First Person: Protecting Your Small Business Profits

Yahoo Contributor Network

When starting a new service business, one of the hardest decisions to make is how much to charge for your work. I see many friends starting businesses and they often turn out unprofitable because of the natural temptation to undercut your competition in order to get a foothold into the market. While that method may get you sales in the short term, it could be a very poor choice over time. Here's why.

Entrepreneurs tend to think of pricing in very simple terms, but that is often a mistake. When deciding how to price your services, think about how much it really costs to provide it. Services are different from products as there are generally no or very few physical parts that are included in a service. Therefore there is often no obviously tangible cost to provide it. However, there are indeed costs involved, including the time it takes to provide the service, the marketing costs involved, taxes and other fees.

Here is an example, albeit a simplified one. Let's say that you provide Service X. You want to make a profit of $30 per hour, so you decide to charge $35 per hour to accommodate incidentals. Easy, right? Not so fast. Out of that $35 you need to account for local, state and federal taxes. You also need to account for a portion of the fees you pay for marketing, phone service and Internet access to communicate with your customers. Let's assume that the total of all of the things you pay to create and provide this service comes to a total of $14.64. All of a sudden that $20.36 you are left with is not the profit you had in mind, is it?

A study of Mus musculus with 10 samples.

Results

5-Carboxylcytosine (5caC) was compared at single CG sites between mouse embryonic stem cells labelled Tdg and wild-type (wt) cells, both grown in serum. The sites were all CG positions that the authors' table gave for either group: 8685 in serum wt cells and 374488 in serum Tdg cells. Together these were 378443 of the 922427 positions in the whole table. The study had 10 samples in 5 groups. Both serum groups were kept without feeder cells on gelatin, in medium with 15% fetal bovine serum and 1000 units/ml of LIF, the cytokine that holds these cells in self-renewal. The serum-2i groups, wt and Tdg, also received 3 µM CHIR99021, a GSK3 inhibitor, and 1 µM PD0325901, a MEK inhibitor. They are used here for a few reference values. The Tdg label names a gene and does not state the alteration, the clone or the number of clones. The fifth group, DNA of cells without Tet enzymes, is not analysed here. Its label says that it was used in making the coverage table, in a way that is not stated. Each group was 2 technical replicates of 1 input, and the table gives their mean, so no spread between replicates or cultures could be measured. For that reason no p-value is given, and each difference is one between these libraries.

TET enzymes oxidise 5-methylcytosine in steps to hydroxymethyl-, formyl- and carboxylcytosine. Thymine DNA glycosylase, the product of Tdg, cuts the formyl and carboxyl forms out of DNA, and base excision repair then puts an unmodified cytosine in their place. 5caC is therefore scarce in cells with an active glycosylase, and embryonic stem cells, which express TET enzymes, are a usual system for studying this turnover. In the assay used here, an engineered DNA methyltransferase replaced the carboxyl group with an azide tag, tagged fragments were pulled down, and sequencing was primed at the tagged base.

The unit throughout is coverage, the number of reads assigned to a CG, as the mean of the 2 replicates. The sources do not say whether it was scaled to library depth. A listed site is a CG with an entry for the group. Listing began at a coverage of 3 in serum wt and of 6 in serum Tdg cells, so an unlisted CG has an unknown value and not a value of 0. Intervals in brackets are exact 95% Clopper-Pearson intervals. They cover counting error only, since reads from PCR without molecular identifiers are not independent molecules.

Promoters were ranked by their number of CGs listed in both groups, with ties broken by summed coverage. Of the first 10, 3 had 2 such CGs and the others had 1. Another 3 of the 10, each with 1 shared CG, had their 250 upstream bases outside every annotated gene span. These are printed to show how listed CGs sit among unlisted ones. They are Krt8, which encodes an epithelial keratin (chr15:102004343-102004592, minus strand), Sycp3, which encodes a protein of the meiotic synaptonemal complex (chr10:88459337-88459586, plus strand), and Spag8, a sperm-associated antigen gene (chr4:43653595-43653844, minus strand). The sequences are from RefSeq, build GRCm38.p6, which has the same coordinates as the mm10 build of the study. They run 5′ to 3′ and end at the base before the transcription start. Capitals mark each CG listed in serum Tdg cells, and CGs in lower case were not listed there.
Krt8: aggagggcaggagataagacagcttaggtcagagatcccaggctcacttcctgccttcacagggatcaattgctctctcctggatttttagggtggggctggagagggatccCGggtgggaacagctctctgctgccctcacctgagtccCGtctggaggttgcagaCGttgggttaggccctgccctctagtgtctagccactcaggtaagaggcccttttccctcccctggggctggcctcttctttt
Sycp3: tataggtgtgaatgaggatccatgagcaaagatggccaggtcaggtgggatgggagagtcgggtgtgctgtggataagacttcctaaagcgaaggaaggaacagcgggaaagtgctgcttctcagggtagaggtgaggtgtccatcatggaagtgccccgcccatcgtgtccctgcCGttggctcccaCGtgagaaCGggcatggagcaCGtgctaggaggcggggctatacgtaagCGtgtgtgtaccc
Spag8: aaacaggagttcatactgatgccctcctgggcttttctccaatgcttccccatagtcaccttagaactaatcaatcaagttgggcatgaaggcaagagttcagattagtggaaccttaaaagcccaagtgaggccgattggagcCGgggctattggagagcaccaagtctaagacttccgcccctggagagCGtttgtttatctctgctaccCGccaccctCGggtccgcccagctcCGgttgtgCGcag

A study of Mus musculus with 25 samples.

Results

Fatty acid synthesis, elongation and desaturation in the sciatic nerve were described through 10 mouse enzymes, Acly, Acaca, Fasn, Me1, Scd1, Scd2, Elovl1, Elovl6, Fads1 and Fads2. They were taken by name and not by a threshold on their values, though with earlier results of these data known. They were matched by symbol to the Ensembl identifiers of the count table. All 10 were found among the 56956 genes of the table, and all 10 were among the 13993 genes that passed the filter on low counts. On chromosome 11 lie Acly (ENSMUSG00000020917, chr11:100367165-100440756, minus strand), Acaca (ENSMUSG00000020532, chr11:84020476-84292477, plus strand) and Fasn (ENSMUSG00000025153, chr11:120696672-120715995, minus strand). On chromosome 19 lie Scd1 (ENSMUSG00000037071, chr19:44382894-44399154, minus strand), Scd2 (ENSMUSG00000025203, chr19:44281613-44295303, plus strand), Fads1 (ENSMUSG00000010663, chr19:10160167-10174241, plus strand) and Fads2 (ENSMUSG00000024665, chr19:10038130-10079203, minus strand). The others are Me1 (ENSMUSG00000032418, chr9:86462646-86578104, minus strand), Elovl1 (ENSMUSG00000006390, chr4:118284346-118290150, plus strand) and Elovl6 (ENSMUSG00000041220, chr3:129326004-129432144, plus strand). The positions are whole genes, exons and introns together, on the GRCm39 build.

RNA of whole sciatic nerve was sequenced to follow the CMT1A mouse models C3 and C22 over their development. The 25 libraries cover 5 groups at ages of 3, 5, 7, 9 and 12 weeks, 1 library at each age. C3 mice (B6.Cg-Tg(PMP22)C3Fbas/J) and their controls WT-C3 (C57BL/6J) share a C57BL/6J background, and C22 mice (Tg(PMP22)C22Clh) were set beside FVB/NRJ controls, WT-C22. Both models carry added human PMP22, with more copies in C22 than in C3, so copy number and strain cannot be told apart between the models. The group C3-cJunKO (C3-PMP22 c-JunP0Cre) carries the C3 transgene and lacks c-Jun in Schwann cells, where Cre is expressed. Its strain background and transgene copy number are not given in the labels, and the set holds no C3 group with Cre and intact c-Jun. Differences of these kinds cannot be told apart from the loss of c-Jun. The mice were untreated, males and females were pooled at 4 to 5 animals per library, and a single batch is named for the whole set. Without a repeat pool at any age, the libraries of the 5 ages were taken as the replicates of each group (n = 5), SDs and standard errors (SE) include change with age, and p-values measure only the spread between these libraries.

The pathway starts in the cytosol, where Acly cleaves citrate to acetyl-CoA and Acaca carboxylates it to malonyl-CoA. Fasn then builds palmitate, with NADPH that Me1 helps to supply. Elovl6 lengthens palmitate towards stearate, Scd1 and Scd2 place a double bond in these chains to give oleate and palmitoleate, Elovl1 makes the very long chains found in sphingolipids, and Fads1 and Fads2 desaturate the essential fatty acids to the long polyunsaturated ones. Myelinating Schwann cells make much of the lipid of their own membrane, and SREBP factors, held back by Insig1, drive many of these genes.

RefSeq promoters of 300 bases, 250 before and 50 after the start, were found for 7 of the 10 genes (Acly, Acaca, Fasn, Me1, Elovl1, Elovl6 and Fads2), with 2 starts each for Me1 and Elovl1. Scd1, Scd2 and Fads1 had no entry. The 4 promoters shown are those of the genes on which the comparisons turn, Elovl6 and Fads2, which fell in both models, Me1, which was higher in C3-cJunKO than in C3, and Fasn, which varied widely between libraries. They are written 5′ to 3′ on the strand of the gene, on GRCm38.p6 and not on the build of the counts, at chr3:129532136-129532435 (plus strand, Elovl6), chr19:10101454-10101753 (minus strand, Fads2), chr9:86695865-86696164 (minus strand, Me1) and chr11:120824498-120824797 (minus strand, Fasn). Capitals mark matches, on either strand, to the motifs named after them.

Also, think about your customers. When I started providing in-home computer services. I figured that having the lowest price would be the best way to get my name out there. While having the best price was nice, but what message did that send to my potential customers? Consider this: at what price point do customers begin to think that your service is "cheap" as opposed to just "inexpensive"? And if your competition is more established in the market, they may be able to start a price war that can leave you with no customers at all.

The solution? I started to think of my services in terms of overall value, not just a simple dollar amount. I recognized that there are costs involved with any product or service offering, and took the time to determine what my services were really worth. I calculated the true costs of providing my services so you I could protect my profitability long-term. One of my first clients was nice enough to tell me that I should be charging much more than I asked for, and that advice stuck with me. My best customers gladly pay me for my work, because they see the value in it. Though I tried it in the beginning, be smarter than I was. Do not sell yourself short in an effort to get yourself out there. Set your price intelligently and stick to it. I found that the customers that wanted me to always cut them a deal turned out to be the most troublesome. Promote the overall value of your services and build your business to be successful and profitable from the start.

*Note: This was written by a Yahoo! contributor. Do you have a story that you'd like to share? Sign up with the Yahoo! Contributor Network to start publishing your own finance articles.